For reasons I cannot fathom, the North Americans and the British call butternut pumpkin ‘squash’. In fact, all pumpkin we have in Australia is considered ‘winter squash’ by North Americans and only the big orange ‘Halloween’ pumpkins are ‘proper’ pumpkin. No doubt we are considered the strange ones for labelling so many ‘squash’ as pumpkin types! Regardless, this is all to say I initially thought I was making a chocolate zucchini cake (also sometimes called a squash) and was most surprised to find grated pumpkin in this chocolate cake.
As lovely and moist as the cake is, thanks to the addition of the grated pumpkin, it was really the prunes which gave it a velvety depth of flavour. All in all, a most unusual cake (once again from Marian Keyes’ Saved By Cake) which will increase you fruit, vegetable and fibre intake in one delicious slice!
- 100g butternut squash (or pumpkin, depending on where you live!)
- 225g dark chocolate
- 175g butter
- 3 eggs
- 175g dark muscovado sugar
- 100g light muscovado sugar (I used 275g brown sugar in place of the two different muscovado sugars)
- 250g plain flour
- 2 tsp baking powder
- 150g dried figs (or prunes), finely chopped
- 200g dark chocolate
- 100ml double cream
- Coloured sprinkles (‘Hundreds & Thousands’) to decorate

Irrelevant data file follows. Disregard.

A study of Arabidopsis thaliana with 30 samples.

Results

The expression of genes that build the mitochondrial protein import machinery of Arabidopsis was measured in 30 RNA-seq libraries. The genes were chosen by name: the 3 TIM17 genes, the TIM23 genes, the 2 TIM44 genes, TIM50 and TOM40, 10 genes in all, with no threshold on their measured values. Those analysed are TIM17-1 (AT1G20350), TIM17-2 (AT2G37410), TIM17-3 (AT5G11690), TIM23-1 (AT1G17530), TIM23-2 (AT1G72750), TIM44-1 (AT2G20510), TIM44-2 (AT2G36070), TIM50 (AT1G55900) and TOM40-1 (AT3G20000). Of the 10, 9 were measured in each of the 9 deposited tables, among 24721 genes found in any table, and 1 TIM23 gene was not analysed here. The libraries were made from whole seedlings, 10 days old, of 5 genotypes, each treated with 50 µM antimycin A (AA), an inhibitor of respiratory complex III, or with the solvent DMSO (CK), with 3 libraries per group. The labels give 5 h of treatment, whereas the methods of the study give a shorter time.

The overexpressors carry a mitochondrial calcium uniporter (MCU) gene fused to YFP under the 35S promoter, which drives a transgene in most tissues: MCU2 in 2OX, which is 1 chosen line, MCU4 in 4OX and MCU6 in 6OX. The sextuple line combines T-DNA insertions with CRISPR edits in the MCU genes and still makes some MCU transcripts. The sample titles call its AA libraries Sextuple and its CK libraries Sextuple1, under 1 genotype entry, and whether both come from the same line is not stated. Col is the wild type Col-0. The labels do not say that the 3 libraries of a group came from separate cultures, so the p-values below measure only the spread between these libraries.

Preheat the oven to 180° and grease and line a slice tray (23 x 30cm). Grate the pumpkin and set aside.
Melt the chocolate and butter together in the microwave, checking after each 20 second burst.
In a separate bowl, beat together the eggs and sugars, then pour in the melted butter and sugar.
You can see here, I have whipped the egg whites separately and beaten the yolks with the sugars. This was in order to crate some height and lightness in the cake as Marian Keyes had warned it could be quite dense and flat.
If you wish to follow my method, beat together the egg yolks and sugars and mix in with the melted chocolate. Then fold in to this mix the beaten egg whites.
To this batter, add 275ml cold water and stir well.
To this mix, sift in the flour and baking powder and combine.Finally, stir in the grated pumpkin and chopped prunes and pour into the prepared baking tray.
Bake for approximately 50 minutes , checking at 40 minutes with a skewer.
While the cake cools in the tin, make the ganache by warming the cream over the stove and melting the chocolate in the warm cream until it is smooth. Leave to stand a little, then pour over the cake still in the tin. Sprinkle with the hundreds & thousands (or any other toppings you may wish) and leave to sit for a while.
You won’t be able to remove the cake as a whole, but rather slice in the tin and remove piece by piece. I think it was worthwhile separating the egg whites to create that extra height; it made the cake extra fluffy. If you’d like a chocolate cake with added health benefits and a beautiful flavour, this is the cake for you.